I am putting in a ceiling fan in a bedroom. It is a smaller one approx. 18 lbs.

The remodeling-type expander brace failed, so can I just screw one side of the box to the joist? (I cannot access the area through the attic.)

Well I know I can, but how bad would it be, really? Is there a type of box that is more suited for this purpose?


Check the markings on different electrical boxes. According to the National Electrical Code (NEC) (which is not applicable in all areas, so check local codes), boxes that support ceiling fans should be listed for the purpose.

National Electrical Code 2008

ARTICLE 314 Outlet, Device, Pull, and Junction Boxes; Conduit Bodies; Fittings; and Handhole Enclosures

314.27 Outlet Boxes.
(D) Boxes at Ceiling-Suspended (Paddle) Fan Outlets. Outlet boxes or outlet box systems used as the sole support of a ceiling-suspended (paddle) fan shall be listed, shall be marked by their manufacturer as suitable for this purpose, and shall not support ceiling-suspended (paddle) fans that weigh more than 32 kg (70 lb). For outlet boxes or outlet box systems designed to support ceiling-suspended (paddle) fans that weigh more than 16 kg (35 lb), the required marking shall include the maximum weight to be supported.

A box like this 4 in. Octagon Box, is rated to hold 50lbs, however, that's only when it's properly installed. Since it sounds like you don't have much room to work, you'll probably have difficulty installing it properly.



enter image description here

I'm not sure what you meant when you said "The remodeling-type expander brace failed", but not all braces are created equal so it may be worth a second try. With this Westinghouse Saf-T-Brace (and others), installation is fairly easy even when you're working through a small 4" hole.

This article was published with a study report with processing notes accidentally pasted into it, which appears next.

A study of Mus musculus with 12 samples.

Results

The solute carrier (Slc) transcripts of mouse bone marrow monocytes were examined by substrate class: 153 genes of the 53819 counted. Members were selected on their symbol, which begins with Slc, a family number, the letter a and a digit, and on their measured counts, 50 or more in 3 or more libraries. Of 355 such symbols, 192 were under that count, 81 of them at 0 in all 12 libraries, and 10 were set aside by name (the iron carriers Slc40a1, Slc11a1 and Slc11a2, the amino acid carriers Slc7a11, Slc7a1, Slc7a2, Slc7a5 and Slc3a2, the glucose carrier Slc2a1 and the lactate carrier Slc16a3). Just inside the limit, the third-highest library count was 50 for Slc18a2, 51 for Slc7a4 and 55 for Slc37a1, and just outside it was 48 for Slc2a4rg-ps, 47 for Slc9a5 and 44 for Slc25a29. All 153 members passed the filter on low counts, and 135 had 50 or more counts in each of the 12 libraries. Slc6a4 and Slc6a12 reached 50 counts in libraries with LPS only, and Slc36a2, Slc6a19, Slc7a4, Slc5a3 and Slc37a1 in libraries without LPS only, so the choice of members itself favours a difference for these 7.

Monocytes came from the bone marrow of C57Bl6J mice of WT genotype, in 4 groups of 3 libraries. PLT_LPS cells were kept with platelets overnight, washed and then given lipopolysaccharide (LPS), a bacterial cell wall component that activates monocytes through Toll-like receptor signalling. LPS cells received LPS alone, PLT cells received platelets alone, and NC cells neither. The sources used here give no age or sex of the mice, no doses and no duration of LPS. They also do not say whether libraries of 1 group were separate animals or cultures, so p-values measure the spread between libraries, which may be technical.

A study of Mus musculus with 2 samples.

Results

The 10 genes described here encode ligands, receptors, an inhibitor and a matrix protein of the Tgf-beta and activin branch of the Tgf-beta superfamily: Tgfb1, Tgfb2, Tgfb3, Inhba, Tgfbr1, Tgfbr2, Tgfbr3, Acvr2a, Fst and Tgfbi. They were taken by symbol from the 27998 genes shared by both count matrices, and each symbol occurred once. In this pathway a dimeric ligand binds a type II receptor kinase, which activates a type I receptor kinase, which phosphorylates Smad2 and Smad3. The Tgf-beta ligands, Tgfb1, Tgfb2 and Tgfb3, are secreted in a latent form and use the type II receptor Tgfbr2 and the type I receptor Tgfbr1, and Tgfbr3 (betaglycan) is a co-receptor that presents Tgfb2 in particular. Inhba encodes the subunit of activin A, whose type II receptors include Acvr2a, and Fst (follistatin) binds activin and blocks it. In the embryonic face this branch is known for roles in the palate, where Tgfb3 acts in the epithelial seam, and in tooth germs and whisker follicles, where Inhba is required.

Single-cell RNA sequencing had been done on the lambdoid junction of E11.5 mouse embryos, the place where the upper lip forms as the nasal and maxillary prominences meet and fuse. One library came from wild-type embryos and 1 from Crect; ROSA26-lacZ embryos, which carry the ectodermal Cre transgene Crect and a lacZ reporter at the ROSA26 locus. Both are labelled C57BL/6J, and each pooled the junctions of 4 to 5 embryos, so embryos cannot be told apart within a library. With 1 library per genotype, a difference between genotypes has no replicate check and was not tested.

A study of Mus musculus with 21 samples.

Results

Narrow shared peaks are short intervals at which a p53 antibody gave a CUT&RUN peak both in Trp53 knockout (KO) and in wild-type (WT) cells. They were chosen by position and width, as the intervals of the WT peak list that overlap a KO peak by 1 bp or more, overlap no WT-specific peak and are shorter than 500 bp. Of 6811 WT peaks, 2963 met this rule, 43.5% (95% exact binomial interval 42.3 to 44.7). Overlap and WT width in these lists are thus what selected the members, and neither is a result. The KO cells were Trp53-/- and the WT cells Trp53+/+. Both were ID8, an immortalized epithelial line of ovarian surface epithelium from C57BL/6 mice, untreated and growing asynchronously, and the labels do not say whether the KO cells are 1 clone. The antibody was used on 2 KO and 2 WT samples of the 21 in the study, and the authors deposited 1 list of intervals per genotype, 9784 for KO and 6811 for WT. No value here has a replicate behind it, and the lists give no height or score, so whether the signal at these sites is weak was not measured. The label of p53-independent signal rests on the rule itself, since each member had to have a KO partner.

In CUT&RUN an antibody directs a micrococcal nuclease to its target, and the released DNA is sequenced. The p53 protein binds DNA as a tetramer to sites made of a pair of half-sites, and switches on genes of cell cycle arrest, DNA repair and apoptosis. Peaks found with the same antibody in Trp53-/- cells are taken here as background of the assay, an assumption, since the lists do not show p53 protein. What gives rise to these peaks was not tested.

1. Remove the electrical box and saddle from the brace (if it's not already).
  2. Slip the brace up into the ceiling, and rest the "legs" on the drywall.
    enter image description here
  3. Using an adjustable spanner or open ended wrench, rotate the center part of the brace. This will cause the ends to expand outward toward the joists. Continue until the brace is firmly in place.
    enter image description here
  4. Slip the saddle back over the brace.
  5. Affix the cable to the box, and mount the box to the saddle.

The old work brace that failed is the usual solution for this situation. Another solution is to remove a square of the ceiling and install a proper solid brace, then repair the opening. Depending on the ceiling finish this can be fairly straight forward or completely impossible. Yet another option is to install a piece of MDF on the ceiling surface that spans the joists. The edges and corners can have nice details cut into them so that once painted, the piece becomes a halfway decent decorative element.

Finally, you could apply a pancake box directly centered under a joist, but then you have to patch the old hole. If you can do that, the make a bigger hole and install a proper brace option is also realistic.